The Peggy Helmerich Library will be closed temporarily for light renovation. We anticipate the closure to last several weeks. During the closure, any items you have placed on hold will be sent to Hardesty Library.
Jonathan Dee is one of those rare authors who can effortlessly combine an engrossing, page-turning pace together with thoughtful, nuanced insight into his characters. It’s no exaggeration to say that I voraciously devoured his most recent novel, A Thousand Pardons. Dee is also insanely skillful at writing about timely issues and ideas without neglecting deeper themes.
A Thousand Pardons begins like so many press conferences we’ve seen of late. A powerful person behaves badly, is discovered, and then airs his apologies publically for all to judge. Ben Armstead and his family are spared the press conference, but his failures are very public, nonetheless. Damage control comes in the form of rehab for Ben, while his wife Helen discovers that she has a special skill in crisis management, specifically in eliciting powerful men to apologize for their wrongs. Despite Helen’s ability to wrangle apologies from others, she finds offering forgiveness to Ben much more difficult.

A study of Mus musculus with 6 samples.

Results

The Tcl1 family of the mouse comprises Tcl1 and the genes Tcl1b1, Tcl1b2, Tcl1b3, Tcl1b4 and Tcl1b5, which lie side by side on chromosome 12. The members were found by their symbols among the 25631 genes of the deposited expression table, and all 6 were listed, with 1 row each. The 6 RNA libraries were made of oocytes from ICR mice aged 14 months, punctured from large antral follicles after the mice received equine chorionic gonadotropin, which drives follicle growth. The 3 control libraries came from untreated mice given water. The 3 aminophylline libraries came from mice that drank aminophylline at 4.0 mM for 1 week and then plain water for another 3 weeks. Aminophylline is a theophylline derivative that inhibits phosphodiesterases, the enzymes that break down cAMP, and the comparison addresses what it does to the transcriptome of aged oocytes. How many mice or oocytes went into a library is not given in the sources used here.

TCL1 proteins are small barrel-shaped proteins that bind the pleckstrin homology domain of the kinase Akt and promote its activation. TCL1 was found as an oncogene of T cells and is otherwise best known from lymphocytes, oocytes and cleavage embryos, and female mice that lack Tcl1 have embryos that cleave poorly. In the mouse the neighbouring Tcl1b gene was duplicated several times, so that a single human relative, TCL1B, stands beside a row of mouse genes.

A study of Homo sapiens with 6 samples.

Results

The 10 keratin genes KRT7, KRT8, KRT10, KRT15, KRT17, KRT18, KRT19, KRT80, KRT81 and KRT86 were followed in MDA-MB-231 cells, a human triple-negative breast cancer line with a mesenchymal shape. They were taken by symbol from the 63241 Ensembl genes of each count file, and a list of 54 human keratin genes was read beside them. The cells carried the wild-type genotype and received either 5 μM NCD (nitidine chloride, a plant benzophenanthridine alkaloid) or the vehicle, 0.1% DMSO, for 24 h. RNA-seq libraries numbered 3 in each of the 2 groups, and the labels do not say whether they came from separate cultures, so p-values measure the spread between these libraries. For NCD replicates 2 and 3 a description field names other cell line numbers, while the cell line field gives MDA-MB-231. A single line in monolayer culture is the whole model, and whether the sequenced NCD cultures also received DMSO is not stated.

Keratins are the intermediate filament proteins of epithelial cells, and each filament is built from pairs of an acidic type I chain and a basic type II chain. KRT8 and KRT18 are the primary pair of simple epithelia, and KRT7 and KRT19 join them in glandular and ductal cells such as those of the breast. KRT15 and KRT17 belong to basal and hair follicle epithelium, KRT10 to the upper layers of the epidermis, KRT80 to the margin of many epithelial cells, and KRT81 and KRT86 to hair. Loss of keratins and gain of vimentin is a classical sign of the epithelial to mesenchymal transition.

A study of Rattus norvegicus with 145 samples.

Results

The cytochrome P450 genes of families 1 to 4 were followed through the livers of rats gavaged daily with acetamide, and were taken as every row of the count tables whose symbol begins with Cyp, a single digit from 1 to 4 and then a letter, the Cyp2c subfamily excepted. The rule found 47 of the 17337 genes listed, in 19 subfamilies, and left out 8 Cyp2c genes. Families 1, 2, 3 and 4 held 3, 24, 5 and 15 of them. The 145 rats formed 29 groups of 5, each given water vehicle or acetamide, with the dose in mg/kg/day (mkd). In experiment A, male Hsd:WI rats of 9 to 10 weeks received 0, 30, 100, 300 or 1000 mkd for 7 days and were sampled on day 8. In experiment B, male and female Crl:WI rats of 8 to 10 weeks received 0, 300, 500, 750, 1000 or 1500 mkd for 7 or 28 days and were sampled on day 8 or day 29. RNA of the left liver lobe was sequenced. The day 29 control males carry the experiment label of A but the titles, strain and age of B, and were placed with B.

Much like Dee’s Pulitzer-finalist, The Privileges, A Thousand Pardons has an emotional intensity that will sneak up on you. One minute you’re reading a wry, gossipy and satirical novel; the next you’re experiencing a deeply moving scene between a teenage daughter and her father—a scene all too raw and too human. Dee’s latest is a darkly humorous and deeply moving exploration of the work of forgiveness, what comes after the confessional and before reconciliation.